BOSTON >> The man who inspired the ice bucket challenge was honored today for helping to raise millions of dollars for Lou Gehrig’s disease research.
Sept. 5 was declared Pete Frates Day, Mayor Martin Walsh said, as the former Boston College baseball star was feted by more than 100 people outside City Hall.
“What it showed us is that ordinary people can make a difference,” Walsh, a Democrat, said of the challenge Frates inspired. “It shows when you have a great idea you can have a rippling effect that reaches far beyond any one individual person.”
Frates was diagnosed in 2012 with Lou Gehrig’s disease, also called amyotrophic lateral sclerosis, or ALS, and can no longer speak or move. He said in a statement read by his wife, Julie Frates, that it was “amazing” and “humbling” to be honored by the city he loves.
His mother, Nancy Frates, said he has helped “alter the trajectory of a disease” that was relatively unknown and lacked adequate funding for research before the ice bucket challenge took off in the summer of 2014.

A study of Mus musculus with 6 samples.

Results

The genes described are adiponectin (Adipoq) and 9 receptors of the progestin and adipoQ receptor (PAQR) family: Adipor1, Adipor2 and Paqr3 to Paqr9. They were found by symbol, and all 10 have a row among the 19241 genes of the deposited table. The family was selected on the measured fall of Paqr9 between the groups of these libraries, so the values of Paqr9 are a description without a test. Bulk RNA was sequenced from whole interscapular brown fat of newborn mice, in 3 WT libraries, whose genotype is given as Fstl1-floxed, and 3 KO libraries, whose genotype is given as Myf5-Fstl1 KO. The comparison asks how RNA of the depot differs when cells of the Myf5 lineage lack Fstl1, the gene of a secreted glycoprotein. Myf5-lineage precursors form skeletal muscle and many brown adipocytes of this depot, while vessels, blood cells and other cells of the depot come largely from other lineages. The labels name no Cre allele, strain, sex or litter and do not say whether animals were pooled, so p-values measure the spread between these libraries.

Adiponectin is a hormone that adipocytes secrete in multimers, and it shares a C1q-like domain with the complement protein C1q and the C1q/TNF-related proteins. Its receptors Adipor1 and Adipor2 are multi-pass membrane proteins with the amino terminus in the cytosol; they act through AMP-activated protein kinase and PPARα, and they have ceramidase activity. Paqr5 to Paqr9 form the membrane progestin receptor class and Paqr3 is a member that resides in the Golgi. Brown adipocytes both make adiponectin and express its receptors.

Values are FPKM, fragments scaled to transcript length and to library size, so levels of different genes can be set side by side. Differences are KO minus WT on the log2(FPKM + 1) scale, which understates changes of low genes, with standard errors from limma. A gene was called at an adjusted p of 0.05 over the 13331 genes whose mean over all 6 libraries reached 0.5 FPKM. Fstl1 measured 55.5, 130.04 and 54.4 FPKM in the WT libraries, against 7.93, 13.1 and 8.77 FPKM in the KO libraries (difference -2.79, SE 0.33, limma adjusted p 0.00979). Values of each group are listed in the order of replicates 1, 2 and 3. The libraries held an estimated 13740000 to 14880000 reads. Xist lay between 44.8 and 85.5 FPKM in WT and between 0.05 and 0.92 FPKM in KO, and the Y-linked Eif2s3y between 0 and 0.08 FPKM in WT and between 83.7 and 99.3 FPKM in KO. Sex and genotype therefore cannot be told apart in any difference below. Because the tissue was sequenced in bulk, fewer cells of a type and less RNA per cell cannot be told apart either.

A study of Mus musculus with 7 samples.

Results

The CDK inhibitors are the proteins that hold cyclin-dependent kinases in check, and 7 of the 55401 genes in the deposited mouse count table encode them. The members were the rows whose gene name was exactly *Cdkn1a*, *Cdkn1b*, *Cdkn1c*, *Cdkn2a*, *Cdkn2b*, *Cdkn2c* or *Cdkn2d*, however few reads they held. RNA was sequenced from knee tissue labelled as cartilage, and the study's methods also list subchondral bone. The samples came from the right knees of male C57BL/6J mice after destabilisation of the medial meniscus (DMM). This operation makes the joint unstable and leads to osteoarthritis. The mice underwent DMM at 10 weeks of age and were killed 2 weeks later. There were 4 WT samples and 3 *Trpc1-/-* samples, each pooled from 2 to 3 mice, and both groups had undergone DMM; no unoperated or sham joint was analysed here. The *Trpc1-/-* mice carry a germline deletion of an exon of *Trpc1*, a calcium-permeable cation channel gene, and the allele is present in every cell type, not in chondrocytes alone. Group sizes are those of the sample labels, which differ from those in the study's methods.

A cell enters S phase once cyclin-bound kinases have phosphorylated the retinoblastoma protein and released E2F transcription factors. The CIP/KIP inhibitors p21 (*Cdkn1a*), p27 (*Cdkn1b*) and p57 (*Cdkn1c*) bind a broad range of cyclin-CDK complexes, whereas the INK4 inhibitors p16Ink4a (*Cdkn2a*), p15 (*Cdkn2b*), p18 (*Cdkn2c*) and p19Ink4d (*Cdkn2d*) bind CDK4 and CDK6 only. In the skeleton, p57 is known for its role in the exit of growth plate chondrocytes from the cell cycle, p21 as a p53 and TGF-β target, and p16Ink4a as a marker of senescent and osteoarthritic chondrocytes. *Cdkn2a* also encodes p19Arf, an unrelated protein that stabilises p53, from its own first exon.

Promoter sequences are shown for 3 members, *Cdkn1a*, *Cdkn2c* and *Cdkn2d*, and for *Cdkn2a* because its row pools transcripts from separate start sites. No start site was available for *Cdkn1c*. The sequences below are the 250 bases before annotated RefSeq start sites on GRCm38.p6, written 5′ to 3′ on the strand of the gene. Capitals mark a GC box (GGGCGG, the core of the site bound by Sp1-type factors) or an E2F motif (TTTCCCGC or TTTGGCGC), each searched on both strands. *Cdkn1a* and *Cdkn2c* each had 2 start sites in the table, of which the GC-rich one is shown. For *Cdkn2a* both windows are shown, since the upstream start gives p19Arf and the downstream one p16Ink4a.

The global social media phenomenon, in which people dumped buckets of ice water over their heads and then nominated others to do the same, raised more than $200 million for ALS research.
Major League Baseball Commissioner Robert Manfred, Boston Red Sox officials, the Boston College baseball team and Frates’ family members were on hand for Tuesday’s festivities.
Red Sox president Sam Kennedy said Frates “belongs on the Mount Rushmore of sports” for his contributions to finding a cure for ALS.
In June, the bucket Frates used for his ice bucket challenge at Fenway Park was enshrined in the Baseball Hall of Fame in Cooperstown, New York, along with other mementos from his Boston College days.
Gov. Charlie Baker, a Republican, recently signed a bill making the first week of each August Ice Bucket Challenge Week in the state.
The disease was named for New York Yankees legend Lou Gehrig, a famously durable first baseman who played in 2,130 consecutive games and earned the nickname The Iron Horse.
Gehrig retired from baseball after his diagnosis at age 36. In his farewell speech, he acknowledged his disease as a “bad break” but declared himself “the luckiest man on the face of the earth.” He died two years later, in 1941.